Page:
USC men’s crew sends former captain to Worlds

It was quite a summer for last year’s USC varsity crew captain, senior Taylor Beach. Beach had the honor of being invited to train with members of the U.S. National Rowing team at Craftsbury Outdoor Center in Vermont, a training center that produces some of the United States’ most successful elite rowers.

Beach, who began his rowing career just three years ago as a walk-on at USC, competed in the U.S. Under-23 Rowing Trials in West Windsor, New Jersey in late June and placed third in the lightweight single scull event, just missing out on securing a spot on the U.S. team after winning his two preliminary races. Beach also made the finals of the lightweight single scull event at the U.S. Elite National Championship in Princeton, New Jersey, placing sixth while racing for USC.

At the same event, Beach and his four-man boat placed third while competing as a team in a race where nearly every other participant was a national team athlete or Olympian. In fact, Beach’s boat defeated the USA World University Games crew by three open lengths of water — the rowing equivalent of three touchdowns.

In late July, Beach went on to win the heavyweight double scull event with Cornell senior Ned Benning, which qualified the pair to race as members of the U.S. National Team at the U23 World Championships later in the summer.

There, Beach, along with Benning, placed 16th at the 2015 Under-23 World Rowing Championships in Plovdiv, Bulgaria in the men’s double scull event. While representing their country, Beach’s boat finished fourth in its final race.

“Having made my first national team is the first step on the way to future Olympic selection, but there’s a lot of work left to do,” Beach said.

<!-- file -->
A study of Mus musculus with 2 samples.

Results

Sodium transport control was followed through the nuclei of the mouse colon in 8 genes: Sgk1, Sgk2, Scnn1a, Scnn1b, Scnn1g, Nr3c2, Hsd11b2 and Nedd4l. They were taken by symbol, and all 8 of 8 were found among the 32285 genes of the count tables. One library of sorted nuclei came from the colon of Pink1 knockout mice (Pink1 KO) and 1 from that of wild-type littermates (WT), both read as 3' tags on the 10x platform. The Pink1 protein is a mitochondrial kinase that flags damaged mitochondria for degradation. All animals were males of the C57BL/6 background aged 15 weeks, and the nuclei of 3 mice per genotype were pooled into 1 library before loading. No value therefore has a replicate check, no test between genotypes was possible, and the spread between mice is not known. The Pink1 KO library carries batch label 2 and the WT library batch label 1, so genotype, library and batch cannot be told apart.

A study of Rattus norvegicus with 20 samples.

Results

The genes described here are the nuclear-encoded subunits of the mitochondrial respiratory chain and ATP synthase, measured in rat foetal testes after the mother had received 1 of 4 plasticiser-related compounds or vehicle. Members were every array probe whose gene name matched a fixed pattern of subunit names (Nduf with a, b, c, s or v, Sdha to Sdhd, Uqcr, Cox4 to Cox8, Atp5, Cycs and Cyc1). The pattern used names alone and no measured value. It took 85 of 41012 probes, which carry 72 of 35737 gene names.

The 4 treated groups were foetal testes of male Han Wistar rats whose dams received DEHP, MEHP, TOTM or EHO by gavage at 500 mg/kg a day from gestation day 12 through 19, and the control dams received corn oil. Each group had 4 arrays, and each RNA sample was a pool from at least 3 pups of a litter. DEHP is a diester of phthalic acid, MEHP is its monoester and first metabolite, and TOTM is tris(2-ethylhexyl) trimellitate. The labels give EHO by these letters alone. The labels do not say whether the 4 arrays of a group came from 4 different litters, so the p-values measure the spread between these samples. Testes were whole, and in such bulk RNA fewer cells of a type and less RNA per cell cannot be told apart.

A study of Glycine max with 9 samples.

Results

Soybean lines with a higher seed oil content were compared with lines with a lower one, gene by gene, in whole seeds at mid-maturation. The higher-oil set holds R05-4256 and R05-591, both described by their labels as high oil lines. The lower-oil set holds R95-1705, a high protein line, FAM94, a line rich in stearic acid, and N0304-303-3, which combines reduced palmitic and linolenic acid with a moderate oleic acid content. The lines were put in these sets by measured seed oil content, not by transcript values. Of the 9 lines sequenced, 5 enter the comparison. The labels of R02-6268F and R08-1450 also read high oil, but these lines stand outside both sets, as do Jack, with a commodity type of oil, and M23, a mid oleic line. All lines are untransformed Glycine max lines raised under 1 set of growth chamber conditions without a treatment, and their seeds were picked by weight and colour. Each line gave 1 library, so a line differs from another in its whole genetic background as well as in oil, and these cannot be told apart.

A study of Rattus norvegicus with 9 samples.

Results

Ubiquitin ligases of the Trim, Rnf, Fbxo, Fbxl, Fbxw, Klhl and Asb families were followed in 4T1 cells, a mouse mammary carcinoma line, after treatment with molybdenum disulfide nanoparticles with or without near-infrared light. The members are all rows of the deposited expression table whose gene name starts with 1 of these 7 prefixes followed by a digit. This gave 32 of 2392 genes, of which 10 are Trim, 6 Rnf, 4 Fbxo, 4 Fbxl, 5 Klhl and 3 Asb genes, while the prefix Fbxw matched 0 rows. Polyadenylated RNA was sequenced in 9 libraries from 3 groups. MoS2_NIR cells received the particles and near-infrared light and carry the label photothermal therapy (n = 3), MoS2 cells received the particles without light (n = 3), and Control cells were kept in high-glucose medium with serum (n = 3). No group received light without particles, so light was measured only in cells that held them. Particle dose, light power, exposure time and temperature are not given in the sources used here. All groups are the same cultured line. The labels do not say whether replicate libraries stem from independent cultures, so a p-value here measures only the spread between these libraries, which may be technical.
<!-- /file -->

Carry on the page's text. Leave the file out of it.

Third-year USC men’s crew head coach Paul Wilkins, who’s worked with Beach extensively over the course of his rowing career, said that Beach gives his younger rowers something to look up to and aspire to be.

“He is a tribute to how far you can go with how hard you work,” Wilkins said. “His great desire to achieve and win at the highest level has gotten him to where he is today.”

A former member of the recreational club council executive board, Beach’s experience within USC’s club sports department also shows the depth and ability of low-budget programs to produce athletes who can compete at the highest levels of their sports, according to USC Men’s Crew board member Stan Mullin.

With more than 50 clubs, Recreational Sports represents a diverse collection of athletes. Some of these teams aim to compete locally, others regionally, some nationally and — in rare cases — some internationally. While these sports may not operate on large budgets, they’re showing that they can be extremely competitive and successful, and Beach is a prime example of that.

“It was exciting to represent my club team at the highest levels of competition in the world, and I hope it shows students everywhere in the University that walk-on athletes and those who are willing to work hard can achieve any level of success they want,” Beach said.

This year, Beach, who is majoring in business administration and english literature, is spending his time training at the men’s crew rowing center in San Pedro in preparation for the 2016 Under-23 World Championships.

After being founded as a varsity sport in 1948 and then reestablished as a club sport in 2001, the USC Men’s Crew program, which currently boasts over 40 members, traditionally competes nationally against other top collegiate programs.

Beach says that his success at the international level wouldn’t have been possible without the program’s support, and that it’s an honor to represent USC when competing among the world’s best.

“Twelve hundred USC Men’s Crew alumni and supporters have followed Taylor’s racing career, culminating in his success this summer,” Mullin said. “His integrity and leadership with the other oarsmen, coxswains and alumni are what truly make him a role model and spokesperson for the University.”

Beach will look to continue his training in hopes of one day competing at the 2020 and 2024 Summer Olympics and earning a medal for the United States.